Defamation

Essentially, libel and slander are legal claims that protect an individual’s reputation against defamation. In practical terms, a defamatory statement is one which injures the reputation of another person: that is if it “tends to lower him or her in the estimation of right-thinking members of society generally”.


What is libel?

A defamatory statement constitutes a "libel" if it is:
-published: (publication, for these purposes, is simply the communication of
the defamatory matter to a third person); AND
-it is in writing, print or some other permanent form.


What is slander?

A statement will amount to a "slander" if it is published AND it is made orally or in some other non-permanent form.

What about photographs/cartoons etc?

Signs, gestures, photographs, pictures, statues, and cartoons can also give rise to a claim for defamation, but the most obvious types of defamatory statements are written or spoken words.


What is the main difference between libel and slander?

The main practical difference between claims for libel and claims for slander is what a claimant has to prove to succeed in his or her claim.

For Libel claims the claimant does not have to prove that he or she has suffered loss or damage as a result of the publication.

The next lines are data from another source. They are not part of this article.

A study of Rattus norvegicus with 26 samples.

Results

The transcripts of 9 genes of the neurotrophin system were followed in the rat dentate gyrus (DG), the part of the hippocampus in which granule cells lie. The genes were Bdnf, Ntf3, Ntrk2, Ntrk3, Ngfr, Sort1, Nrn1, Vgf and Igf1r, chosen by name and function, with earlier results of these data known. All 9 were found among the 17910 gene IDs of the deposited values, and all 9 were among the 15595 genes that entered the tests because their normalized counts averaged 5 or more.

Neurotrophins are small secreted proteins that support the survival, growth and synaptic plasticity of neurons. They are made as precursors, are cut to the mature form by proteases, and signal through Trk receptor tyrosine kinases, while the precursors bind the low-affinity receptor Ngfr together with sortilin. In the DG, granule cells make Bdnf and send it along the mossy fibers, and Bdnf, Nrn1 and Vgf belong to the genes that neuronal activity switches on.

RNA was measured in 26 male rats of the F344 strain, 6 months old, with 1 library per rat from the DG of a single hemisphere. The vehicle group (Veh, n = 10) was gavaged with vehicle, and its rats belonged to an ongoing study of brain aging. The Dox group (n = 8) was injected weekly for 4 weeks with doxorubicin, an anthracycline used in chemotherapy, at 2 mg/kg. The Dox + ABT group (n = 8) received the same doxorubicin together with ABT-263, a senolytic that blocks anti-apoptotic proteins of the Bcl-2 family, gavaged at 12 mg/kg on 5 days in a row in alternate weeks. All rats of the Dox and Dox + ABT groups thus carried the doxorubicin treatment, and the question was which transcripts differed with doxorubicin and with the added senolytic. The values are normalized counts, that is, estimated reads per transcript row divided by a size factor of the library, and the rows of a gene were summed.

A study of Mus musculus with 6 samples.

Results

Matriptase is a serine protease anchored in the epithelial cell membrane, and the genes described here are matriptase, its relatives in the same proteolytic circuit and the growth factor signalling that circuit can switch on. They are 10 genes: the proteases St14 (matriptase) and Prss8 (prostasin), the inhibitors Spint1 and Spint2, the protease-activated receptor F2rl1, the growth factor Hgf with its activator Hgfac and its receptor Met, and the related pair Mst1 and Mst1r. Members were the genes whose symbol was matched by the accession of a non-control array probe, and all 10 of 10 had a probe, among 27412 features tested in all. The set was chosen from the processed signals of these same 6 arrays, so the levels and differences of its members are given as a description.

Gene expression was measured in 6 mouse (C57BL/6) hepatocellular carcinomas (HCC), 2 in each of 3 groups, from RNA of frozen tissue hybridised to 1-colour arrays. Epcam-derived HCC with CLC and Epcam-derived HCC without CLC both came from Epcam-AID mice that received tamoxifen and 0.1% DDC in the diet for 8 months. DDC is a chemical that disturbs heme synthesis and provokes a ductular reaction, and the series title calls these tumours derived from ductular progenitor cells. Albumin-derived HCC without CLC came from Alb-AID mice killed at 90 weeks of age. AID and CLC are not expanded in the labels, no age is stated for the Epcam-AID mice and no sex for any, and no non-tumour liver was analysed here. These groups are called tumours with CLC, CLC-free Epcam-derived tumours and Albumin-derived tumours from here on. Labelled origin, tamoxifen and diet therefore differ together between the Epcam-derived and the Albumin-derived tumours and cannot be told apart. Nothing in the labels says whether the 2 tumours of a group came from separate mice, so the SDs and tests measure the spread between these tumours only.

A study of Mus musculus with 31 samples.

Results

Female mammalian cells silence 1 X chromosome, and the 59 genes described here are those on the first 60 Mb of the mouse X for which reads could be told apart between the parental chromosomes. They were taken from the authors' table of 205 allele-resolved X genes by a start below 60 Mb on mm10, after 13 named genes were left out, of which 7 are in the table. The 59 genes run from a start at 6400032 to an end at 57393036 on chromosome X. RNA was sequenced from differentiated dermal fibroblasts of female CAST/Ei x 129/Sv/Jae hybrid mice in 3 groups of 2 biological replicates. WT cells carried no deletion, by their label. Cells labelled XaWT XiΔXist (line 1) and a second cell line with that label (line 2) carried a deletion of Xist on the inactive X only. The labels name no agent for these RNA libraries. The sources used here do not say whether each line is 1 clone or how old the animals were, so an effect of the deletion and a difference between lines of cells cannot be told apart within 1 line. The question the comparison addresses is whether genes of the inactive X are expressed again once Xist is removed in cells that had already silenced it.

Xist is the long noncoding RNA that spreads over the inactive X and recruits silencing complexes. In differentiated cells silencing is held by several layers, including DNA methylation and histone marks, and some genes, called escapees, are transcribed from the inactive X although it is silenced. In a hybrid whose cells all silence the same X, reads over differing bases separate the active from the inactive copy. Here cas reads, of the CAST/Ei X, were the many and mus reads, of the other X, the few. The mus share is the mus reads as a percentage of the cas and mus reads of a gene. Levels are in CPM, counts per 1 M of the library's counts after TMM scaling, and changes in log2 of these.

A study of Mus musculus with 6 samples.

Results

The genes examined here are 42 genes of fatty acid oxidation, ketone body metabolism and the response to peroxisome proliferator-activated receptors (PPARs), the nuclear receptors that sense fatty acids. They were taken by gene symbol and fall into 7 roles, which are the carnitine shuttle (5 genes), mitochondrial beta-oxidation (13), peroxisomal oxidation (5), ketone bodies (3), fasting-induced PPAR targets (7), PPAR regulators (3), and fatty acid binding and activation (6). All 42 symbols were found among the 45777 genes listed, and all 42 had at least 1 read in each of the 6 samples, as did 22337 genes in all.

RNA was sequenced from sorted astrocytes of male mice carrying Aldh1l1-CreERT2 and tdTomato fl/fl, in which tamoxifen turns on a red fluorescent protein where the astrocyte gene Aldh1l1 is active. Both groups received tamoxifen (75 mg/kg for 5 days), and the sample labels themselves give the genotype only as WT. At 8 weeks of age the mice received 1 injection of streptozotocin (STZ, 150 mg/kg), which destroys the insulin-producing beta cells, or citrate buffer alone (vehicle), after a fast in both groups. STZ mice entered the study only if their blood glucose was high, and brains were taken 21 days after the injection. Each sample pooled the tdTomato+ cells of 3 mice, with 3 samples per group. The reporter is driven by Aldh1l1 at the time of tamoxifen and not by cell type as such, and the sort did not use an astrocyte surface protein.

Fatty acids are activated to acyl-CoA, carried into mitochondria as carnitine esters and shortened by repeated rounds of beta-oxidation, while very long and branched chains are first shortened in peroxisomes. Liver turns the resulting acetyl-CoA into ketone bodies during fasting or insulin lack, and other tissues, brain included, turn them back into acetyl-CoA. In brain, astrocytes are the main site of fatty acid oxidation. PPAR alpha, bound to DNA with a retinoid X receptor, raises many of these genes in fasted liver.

- But in a claim for slander, the claimant must prove actual damage. Damage  can be presumed and need not be proved in certain cases –for example, if the spoken words accuse the claimant of committing a crime; of being unfit for his or her office, business or profession, or of having a contagious disease.

Who can sue?

A person has to prove that the defamatory words refer to him or her. Nor does it have to be one individual - a member of a group or class of people can sue in relation to a defamatory allegation which refers to the group as a whole, if the group is sufficiently small that the allegation would be understood to refer to him or her personally.

Can a company sue for defamation?

An action for defamation can also be brought by: a company, in respect of statements that damage its business reputation.

Can you get funding for your claim?
Although some lawyers may be willing to act on a ‘no win-no fee’ basis, public funding is generally unavailable either to bring or defend defamation proceedings.